LAS VEGAS – Harrah's Entertainment Inc. (HET), the world's largest gambling company, has agreed to buy the aging Imperial Palace hotel-casino on the Las Vegas Strip for $370 million.
Harrah's said it has no immediate plans for "substantial operational changes" at the Asian-themed Imperial Palace once it takes control. The Imperial Palace employs approximately 2,500 people, has 2,640 rooms and boasts a 52,000-square-foot casino.
The Imperial Palace (search) is on 18.5 prime acres between Harrah's Las Vegas and the Flamingo — another Harrah's resort. The acquisition gives Harrah's a cluster of hotel-casinos on or near the intersection of the high-profile Strip and Flamingo Road (search), including Caesars Palace, Bally's and Paris Las Vegas.
"This acquisition is one of a number of moves designed to strategically position the company for substantial growth in Las Vegas," Harrah's said in a statement announcing the deal Monday.
Harrah's expects the transaction to be completed by the end of the year after it gets approval from state and federal regulators.
Its shares rose 42 cents to $72.25 Tuesday on the New York Stock Exchange. Its shares have traded in a 52-week range of $44.55 to $79.69.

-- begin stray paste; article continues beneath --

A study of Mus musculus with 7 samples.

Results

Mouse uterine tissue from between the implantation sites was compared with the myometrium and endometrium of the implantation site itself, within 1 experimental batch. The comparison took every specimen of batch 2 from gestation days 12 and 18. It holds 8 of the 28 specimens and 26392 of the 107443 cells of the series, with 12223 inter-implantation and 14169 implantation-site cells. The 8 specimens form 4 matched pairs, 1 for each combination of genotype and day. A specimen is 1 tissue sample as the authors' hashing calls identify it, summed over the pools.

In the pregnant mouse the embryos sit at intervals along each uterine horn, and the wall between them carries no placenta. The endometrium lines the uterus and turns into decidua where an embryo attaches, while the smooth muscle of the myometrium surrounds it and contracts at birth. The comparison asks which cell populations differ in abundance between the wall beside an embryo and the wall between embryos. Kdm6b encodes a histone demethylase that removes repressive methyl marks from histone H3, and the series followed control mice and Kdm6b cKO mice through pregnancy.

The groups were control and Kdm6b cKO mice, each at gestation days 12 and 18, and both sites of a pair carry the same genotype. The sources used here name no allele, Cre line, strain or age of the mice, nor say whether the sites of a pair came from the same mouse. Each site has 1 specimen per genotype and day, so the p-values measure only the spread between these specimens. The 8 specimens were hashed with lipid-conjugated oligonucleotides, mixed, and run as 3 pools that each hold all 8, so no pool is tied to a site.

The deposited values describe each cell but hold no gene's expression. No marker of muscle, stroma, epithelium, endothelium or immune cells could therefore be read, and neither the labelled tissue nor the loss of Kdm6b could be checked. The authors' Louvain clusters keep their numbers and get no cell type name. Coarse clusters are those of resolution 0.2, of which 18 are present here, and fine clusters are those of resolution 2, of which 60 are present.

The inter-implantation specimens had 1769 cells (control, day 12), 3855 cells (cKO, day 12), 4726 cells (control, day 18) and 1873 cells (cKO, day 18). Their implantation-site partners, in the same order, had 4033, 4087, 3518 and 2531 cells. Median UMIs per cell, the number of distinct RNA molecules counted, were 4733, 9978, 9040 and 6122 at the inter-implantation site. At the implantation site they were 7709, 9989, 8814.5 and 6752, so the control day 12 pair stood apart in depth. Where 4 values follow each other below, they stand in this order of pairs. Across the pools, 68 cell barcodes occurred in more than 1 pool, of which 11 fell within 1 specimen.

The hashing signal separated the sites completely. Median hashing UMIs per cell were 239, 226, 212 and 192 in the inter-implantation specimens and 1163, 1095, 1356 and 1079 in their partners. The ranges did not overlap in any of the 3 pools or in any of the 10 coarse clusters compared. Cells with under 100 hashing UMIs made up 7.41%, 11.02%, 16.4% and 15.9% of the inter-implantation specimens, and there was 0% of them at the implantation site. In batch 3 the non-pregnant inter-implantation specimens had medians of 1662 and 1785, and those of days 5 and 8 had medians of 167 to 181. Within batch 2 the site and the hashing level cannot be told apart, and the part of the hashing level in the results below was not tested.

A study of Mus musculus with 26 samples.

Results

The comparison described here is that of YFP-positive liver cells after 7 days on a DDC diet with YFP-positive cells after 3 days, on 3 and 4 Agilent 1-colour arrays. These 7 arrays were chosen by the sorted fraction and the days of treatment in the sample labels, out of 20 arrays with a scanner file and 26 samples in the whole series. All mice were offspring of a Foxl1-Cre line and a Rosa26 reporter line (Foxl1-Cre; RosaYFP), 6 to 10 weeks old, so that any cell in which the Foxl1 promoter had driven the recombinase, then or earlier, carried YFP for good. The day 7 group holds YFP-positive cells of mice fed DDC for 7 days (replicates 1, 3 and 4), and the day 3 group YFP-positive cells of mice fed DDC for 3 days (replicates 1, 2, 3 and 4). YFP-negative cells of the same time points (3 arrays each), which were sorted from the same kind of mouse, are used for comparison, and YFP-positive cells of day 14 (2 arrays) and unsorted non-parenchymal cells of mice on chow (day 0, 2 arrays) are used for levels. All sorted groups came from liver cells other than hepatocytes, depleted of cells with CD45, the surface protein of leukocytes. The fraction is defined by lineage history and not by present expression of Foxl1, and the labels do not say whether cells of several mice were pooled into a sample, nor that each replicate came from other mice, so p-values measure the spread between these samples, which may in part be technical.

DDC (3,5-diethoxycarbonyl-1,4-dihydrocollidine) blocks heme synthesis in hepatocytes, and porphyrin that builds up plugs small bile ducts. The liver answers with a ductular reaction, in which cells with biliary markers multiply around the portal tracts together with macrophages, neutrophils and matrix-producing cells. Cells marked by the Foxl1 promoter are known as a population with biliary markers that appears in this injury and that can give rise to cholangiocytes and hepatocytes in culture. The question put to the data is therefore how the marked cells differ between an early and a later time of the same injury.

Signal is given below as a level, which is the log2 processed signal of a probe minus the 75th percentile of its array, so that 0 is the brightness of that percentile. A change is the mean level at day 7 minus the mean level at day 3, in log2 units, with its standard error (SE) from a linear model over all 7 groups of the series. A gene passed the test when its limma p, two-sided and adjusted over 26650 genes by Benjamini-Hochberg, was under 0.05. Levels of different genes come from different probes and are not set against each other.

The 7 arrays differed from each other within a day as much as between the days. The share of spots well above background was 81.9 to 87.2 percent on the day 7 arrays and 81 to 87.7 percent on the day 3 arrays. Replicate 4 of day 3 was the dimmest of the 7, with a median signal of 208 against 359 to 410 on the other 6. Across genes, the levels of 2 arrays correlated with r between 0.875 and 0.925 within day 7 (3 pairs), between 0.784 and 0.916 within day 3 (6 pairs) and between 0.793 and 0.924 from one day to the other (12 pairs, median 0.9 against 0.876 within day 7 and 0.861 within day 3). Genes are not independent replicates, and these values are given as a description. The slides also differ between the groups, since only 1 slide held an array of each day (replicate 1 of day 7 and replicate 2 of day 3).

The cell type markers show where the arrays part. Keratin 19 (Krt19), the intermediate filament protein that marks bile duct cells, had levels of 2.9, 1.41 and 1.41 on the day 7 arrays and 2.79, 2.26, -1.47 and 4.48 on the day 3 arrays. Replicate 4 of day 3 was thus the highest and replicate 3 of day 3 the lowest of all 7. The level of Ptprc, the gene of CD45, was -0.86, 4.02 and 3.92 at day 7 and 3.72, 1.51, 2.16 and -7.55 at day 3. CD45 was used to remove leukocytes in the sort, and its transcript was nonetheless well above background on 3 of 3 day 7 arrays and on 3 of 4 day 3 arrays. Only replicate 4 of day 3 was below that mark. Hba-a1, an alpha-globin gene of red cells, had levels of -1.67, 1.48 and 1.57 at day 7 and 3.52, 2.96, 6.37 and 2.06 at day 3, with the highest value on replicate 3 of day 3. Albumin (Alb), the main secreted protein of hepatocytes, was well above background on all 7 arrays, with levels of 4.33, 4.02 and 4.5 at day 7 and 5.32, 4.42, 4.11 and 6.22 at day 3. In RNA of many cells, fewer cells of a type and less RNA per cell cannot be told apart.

In June, Harrah's completed its $9 billion acquisition of Caesars Entertainment (search), raising its profile in booming Las Vegas. The move also put Harrah's in more direct competition with MGM Mirage Inc. (MGG), the world's second-biggest gambling company that swallowed up Mandalay Resort Group earlier this year.
Former owner Ralph Engelstad (search) opened what is now the Imperial Palace in 1979. Engelstad, who suffered from cancer, died in 2002. After his death, the hotel-casino passed into the Ralph Engelstad and Betty Engelstad Trust.
Widow Betty Engelstad, Owen Nitz, and Jeff Cooper oversee the trust, which owns Imperial Palace LLC. The deal only involves the Imperial Palace in Las Vegas.
John Mulkey, a gambling analyst with Wachovia Securities, said Harrah's could be laying the groundwork for an ambitious project.
"They have assembled a formidable parcel that should offer longer-term opportunities for a more integrated development," Mulkey said.
Joe Greff, a gambling analyst with Bear, Stearns & Co., suggested in an investor's note that the Imperial Palace might not be around forever.
"We think in the medium term, its makes sense to completely redevelop/demolish/implode this ... property," he wrote. "In fact, we would not be surprised to see this site be part of a major redevelopment for Harrah's Las Vegas/Flamingo. Stay tuned."